Photo via Wikimedia Commons
Each writer’s process is a personal relationship between them and the page—and the desk, room, chair, pens or pencils, typewriter or laptop, turntable, CD player, streaming audio… you get the idea. The kind of music suitable for listening to while writing (I, for one, cannot write to music with lyrics) varies so widely that it encompasses everything and nothing. Silence can be a kind of music, too, if you listen closely.
Far more interesting than trying to make general rules is to examine specific cases: to learn the music a writer hears when they compose, to divine the rhythms that animated their prose.
There are almost always clues. Favorite albums left behind in writing rooms or written about with high praise. Sometimes the music enters into the novel, becomes a character itself. In James Baldwin’s Another Country, music is a powerful procreative force:
The beat: hands, feet, tambourines, drums, pianos, laughter, curses, razor blades: the man stiffening with a laugh and a growl and a purr and the woman moistening and softening with a whisper and a sigh and a cry. The beat—in Harlem in the summertime one could almost see it, shaking above the pavements and the roof.
Baldwin finished his first novel, 1953’s Go Tell It on the Mountain, not in Harlem but in the Swiss Alps, where he moved “with two Bessie Smith records and a typewriter under his arm,” writes Valentina Di Liscia at Hyperallergic. He “largely attributes” the novel “to Smith’s bluesy intonations.” As he told Studs Terkel in 1961, “Bessie had the beat. In that icy wilderness, as far removed from Harlem as anything you can imagine, with Bessie and me… I began…”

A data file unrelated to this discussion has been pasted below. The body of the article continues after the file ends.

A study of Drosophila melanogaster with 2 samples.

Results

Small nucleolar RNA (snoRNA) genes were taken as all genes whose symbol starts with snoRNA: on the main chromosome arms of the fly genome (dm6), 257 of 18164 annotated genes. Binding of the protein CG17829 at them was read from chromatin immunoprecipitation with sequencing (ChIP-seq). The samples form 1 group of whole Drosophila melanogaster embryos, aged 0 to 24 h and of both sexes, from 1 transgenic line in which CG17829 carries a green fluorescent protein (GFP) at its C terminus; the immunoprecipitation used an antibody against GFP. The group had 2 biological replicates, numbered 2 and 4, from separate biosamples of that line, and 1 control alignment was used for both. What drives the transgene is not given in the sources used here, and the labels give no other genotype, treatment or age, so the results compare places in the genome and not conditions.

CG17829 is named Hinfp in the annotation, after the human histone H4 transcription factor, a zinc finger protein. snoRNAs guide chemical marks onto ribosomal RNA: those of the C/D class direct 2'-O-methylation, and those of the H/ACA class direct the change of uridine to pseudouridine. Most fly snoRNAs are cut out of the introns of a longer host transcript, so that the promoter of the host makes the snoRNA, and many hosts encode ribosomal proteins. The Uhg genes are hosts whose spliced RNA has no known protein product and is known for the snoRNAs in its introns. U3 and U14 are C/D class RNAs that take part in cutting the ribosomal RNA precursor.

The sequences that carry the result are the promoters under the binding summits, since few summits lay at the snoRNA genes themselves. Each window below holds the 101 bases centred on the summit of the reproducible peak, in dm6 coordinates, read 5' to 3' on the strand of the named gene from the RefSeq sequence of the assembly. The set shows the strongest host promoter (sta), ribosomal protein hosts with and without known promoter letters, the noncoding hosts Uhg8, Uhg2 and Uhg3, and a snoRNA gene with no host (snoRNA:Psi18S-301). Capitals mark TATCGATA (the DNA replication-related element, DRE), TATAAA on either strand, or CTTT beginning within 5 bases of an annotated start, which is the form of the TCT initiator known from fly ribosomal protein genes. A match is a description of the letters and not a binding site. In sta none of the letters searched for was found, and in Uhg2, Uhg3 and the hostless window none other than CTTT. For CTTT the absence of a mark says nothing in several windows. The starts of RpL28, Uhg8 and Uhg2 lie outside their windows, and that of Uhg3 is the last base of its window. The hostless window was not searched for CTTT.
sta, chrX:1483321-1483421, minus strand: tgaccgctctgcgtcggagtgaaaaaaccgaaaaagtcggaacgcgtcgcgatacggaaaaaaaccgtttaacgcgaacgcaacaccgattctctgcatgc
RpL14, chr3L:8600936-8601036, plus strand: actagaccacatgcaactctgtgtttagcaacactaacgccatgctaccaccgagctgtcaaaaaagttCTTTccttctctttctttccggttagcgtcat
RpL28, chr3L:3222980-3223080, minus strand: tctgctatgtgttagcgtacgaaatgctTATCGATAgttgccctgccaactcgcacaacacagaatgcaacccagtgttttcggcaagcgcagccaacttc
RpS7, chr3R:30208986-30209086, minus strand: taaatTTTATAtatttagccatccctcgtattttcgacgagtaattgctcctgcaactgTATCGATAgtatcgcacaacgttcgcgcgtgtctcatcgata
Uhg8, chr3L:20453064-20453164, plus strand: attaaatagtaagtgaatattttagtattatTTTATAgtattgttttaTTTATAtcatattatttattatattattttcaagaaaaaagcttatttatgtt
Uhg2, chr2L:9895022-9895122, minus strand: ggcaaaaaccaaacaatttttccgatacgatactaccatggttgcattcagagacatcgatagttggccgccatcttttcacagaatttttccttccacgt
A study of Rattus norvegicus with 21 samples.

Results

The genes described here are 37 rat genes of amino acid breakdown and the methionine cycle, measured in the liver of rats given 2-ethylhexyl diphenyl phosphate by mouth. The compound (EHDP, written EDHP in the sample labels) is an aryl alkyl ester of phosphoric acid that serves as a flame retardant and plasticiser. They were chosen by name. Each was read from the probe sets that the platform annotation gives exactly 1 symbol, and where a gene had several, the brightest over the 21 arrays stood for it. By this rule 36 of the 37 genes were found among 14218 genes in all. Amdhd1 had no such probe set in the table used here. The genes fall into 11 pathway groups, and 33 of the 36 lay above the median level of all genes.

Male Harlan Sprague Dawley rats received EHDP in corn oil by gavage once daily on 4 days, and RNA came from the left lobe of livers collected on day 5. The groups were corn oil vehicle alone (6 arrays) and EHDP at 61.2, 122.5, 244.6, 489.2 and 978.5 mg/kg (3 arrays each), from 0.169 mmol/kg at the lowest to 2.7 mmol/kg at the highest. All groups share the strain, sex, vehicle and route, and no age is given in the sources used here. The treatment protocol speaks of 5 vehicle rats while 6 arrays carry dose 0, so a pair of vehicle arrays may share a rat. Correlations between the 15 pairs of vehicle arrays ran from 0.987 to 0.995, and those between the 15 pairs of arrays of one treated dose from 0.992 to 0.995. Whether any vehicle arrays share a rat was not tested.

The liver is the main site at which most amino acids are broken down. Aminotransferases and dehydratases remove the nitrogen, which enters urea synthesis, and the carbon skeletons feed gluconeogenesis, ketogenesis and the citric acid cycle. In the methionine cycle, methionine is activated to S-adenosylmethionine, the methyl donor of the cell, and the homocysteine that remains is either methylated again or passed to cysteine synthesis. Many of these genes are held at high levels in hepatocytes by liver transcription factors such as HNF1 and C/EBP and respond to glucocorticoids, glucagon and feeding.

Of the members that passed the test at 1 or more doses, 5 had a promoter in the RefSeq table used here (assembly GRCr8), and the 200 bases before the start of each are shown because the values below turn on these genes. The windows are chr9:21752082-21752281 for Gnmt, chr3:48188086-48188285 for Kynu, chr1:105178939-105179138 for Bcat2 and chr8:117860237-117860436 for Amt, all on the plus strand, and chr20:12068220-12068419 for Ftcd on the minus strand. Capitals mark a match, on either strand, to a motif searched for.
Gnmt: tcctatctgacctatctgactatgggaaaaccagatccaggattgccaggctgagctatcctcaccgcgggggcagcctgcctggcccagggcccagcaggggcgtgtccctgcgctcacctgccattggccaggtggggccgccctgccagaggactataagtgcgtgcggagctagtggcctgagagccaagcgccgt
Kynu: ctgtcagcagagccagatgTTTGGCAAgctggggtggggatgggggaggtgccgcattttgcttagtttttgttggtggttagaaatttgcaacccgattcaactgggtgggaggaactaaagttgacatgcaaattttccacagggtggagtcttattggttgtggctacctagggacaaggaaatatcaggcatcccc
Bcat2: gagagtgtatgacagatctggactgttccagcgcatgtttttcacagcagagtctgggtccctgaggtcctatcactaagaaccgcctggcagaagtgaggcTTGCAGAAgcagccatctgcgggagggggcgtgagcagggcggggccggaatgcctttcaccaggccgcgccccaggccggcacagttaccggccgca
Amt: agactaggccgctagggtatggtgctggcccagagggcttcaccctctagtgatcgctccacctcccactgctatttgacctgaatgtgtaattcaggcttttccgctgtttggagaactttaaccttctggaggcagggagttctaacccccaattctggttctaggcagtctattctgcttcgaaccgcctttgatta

Ikechúkwú Onyewuenyi, a curator at the Hammer Museum in Los Angeles, has gone much further, digging through all the deep cuts in Baldwin’s collection while living in Provence and trying to recapture the atmosphere of Baldwin’s home, “those boisterous and tender convos when guests like Nina Simone, Stevie Wonder… Maya Angelou, Toni Morrison” stopped by for dinner and debates. He first encountered the records in a photograph posted by La Maison Baldwin, the organization that preserves his house in Saint-Paul de Vence in the South of France. “I latched onto his records, their sonic ambience,” Onyewuenyi says.
“In addition to reading the books and essays” that Baldwin wrote while living in France, Onyewuenyi discovered “listening to the records was something that could transport me there.” He has compiled Baldwin’s collection into a 478-track, 32-hour Spotify playlist, Chez Baldwin. Only two records couldn’t be found on the streaming platform, Lou Rawls’ When the Night Comes (1983) and Ray Charles’s Sweet & Sour Tears (1964). Listen to the full playlist above, preferably while reading Baldwin, or composing your own works of prose, verse, drama, and email.
“The playlist is a balm of sorts when one is writing,” Onyewuenyi told Hyperallergic. “Baldwin referred to his office as a ‘torture chamber.’ We’ve all encountered those moments of writers’ block, where the process of putting pen to paper feels like bloodletting. That process of torture for Baldwin was negotiated with these records.”
Why James Baldwin’s Writing Stays Powerful: An Artfully Animated Introduction to the Author of Notes of a Native Son
The Best Music to Write By: Give Us Your Recommendations
The Best Music to Write By, Part II: Your Favorites Brought Together in a Special Playlist
Josh Jones is a writer and musician based in Durham, NC. Follow him at @jdmagness.